Career Options for Jobs Involving Geometry
The study of geometry can contribute to advancement in job options more than you might think. Using principles first learned in geometry, a number of careers apply the concepts to real-world practices. Check out the different employment choices below and see if any of them look like a good fit for you.
|Job Title||Median Salary (2016)*||Job Growth (2014-2024)*|
|Cartographer and Photogrammetrist||$62,750||29%|
|Urban and Regional Planner||$70,020||6%|
Source: *U.S. Bureau of Labor Statistics
Find schools that offer these popular programs
- Applied Math
- Computational Math
- Math for Computer Science
- Mathematical Probability and Statistics
- Statistics, General
Career Information for Jobs Involving Geometry
Architects utilize geometric principles while designing layouts for their ongoing projects, which can include buildings, electrical systems, and plumbing architecture. While computer programs have rendered hand-drawing blueprints obsolete, paper-and-pencil skills may still come in handy during the early stages of concept drawing. Along with design work, architects negotiate contracts and assist their clients in securing bids for construction. A bachelor's or master's degree is necessary for a career as an architect, along with experience gained through internships, taking the Architect Registration Examination and licensure.
Cartographer and Photogrammetrist
Cartographers utilize geographic data to create or update maps for use in education, as well as environmental presentations. Photogrammetrists use the same information to draw base maps, allowing the layering of data. Both careers help those who work in urban and regional planning and use geometry to create documents. An increasing amount of careers focus on the construction of mobile and online maps. To become a cartographer or photogrammetrist, a bachelor's degree is typically earned. Some states require licensure for each of these careers.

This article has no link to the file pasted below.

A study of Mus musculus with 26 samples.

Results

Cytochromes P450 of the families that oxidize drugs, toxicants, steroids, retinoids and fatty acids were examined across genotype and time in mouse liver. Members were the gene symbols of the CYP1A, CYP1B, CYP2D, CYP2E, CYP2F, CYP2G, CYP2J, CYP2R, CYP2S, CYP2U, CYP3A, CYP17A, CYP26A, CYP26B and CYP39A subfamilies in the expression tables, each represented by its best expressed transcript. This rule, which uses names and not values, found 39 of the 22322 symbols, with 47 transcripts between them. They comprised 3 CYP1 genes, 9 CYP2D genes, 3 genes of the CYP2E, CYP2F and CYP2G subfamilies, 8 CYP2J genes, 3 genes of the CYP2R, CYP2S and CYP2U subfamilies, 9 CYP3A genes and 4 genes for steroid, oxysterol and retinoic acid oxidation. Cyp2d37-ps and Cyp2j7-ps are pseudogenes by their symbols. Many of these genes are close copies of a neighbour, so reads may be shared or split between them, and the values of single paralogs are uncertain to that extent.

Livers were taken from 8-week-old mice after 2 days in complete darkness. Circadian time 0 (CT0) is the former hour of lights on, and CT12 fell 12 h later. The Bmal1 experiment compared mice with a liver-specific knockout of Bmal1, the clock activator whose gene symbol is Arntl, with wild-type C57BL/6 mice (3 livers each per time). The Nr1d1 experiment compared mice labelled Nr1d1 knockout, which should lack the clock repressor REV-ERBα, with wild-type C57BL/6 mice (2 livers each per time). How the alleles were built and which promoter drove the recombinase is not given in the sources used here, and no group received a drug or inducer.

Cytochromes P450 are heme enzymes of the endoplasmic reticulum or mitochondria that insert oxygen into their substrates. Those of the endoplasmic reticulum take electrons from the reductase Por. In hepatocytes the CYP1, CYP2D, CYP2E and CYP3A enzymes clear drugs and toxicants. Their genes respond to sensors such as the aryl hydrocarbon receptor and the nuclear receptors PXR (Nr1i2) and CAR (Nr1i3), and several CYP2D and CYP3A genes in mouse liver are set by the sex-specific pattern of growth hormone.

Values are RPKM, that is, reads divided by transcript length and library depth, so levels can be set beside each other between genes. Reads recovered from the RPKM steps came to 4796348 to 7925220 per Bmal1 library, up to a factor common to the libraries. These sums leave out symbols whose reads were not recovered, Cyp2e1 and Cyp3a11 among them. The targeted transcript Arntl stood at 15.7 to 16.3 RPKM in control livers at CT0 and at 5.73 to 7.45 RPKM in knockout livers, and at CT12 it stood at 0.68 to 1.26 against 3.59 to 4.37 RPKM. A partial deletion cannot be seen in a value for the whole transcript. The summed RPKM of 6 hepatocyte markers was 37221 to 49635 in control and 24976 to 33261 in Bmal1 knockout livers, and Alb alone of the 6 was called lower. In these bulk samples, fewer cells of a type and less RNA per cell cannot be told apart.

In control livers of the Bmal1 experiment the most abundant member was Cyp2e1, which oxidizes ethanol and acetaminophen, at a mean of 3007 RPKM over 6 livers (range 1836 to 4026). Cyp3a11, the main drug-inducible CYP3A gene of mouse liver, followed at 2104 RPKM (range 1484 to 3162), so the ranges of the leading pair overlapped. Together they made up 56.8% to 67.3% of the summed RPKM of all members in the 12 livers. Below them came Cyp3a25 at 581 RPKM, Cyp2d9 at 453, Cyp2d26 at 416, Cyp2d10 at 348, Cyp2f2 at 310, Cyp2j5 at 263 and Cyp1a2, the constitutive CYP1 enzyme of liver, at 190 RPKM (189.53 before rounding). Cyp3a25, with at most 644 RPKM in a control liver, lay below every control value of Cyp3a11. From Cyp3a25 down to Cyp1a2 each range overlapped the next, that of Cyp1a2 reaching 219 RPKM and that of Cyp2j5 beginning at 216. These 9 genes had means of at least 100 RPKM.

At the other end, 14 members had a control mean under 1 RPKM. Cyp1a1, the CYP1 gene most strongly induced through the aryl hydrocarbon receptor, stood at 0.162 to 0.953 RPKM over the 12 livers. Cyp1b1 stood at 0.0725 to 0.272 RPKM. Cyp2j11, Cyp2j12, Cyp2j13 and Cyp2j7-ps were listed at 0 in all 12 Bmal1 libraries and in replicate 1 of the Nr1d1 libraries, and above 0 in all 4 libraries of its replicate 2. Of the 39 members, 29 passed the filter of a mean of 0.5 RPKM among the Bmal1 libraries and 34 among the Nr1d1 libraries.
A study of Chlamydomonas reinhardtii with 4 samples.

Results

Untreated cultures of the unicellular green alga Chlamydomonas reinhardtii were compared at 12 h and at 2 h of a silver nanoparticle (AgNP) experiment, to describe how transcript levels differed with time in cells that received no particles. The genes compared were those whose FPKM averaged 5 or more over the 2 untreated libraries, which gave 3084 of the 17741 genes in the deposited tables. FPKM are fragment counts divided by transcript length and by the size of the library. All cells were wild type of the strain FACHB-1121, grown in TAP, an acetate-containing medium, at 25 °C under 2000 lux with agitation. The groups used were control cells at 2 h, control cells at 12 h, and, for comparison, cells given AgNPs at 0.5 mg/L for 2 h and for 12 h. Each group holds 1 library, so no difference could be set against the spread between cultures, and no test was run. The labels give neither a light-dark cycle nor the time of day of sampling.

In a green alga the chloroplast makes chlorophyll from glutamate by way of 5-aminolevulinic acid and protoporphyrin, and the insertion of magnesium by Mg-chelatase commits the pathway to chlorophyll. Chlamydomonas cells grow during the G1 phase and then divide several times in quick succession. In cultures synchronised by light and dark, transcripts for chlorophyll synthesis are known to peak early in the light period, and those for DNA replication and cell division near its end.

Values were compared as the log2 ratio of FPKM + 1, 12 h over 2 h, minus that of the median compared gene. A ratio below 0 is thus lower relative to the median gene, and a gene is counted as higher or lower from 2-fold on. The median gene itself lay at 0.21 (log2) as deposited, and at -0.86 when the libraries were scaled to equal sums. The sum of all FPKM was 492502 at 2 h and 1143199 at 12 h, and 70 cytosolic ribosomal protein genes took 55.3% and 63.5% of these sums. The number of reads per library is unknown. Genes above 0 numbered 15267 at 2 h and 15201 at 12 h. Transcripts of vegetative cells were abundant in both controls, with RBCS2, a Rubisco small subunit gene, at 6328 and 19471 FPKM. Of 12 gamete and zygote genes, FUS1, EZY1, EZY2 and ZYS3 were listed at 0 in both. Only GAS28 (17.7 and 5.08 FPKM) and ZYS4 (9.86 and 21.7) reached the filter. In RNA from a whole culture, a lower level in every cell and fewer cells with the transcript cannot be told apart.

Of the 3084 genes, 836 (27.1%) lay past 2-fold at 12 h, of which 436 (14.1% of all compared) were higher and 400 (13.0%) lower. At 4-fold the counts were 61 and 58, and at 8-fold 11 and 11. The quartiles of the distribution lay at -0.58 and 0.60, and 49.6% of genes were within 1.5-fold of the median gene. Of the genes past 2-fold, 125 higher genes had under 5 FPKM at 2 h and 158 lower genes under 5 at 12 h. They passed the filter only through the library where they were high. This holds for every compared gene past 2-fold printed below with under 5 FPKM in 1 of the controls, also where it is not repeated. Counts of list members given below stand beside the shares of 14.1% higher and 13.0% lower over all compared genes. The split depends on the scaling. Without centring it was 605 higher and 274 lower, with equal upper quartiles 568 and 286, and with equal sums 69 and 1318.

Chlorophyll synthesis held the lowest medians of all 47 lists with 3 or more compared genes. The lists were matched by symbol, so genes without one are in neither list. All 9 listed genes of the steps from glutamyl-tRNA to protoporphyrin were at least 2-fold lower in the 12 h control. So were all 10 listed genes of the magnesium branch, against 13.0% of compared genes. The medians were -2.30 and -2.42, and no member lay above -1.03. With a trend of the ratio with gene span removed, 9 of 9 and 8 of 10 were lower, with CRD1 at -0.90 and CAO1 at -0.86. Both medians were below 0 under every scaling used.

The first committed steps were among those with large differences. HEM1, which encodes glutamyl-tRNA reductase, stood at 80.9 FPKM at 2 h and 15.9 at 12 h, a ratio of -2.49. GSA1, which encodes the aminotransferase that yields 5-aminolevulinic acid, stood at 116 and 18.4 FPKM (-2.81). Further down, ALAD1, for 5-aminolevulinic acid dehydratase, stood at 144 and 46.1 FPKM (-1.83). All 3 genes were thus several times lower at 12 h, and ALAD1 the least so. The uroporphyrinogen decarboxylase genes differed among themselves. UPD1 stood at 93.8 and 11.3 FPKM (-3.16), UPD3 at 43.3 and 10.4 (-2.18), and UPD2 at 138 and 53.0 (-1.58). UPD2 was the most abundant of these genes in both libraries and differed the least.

Using the same geometric knowledge and applications as architects and engineers, drafters create design plans with the use of computer-aided design (CAD) software. Depending on the job, they can add details to already existing plans, and map out procedures and dimensions for upcoming projects. Specific fields of drafters include electronics, civil, and electrical. Special training is needed to become a drafter, and this can be found through certificate or associate's degree programs.
Mechanical engineers, some of the most diversified engineers, use a multitude of geometric concepts to design mechanical devices, or update existing structures. They can create anything from elevators and escalators to transfer systems or air conditioners. Computers play a huge part in their jobs, and engineers use them to create part specifications. Mechanical engineers must have a bachelor's degree in their field, and there are universities that offer cooperative plans that help aspiring students gain work experience.
Surveyors use geometry to take exact measurements of boundaries for different types of property. Comparing their measurements to previously existing records is a vital part of their job. They utilize a technology known as Geographic Information Systems to create charts and maps. Surveyors also coordinate with planners and architects in document design. Anyone wishing to become a surveyor will need a bachelor's degree, as well as a license for legal document certification.
Urban and Regional Planner
Urban and regional planners rely on the same geometry practices used by surveyors when examining the positives and negatives of introducing new and updated plans for a community. Along with measurements, planners must have a keen eye for legal issues, as they are required to have current knowledge of environmental regulations and codes for buildings. Urban and regional planners are required to have a master's degree for a career.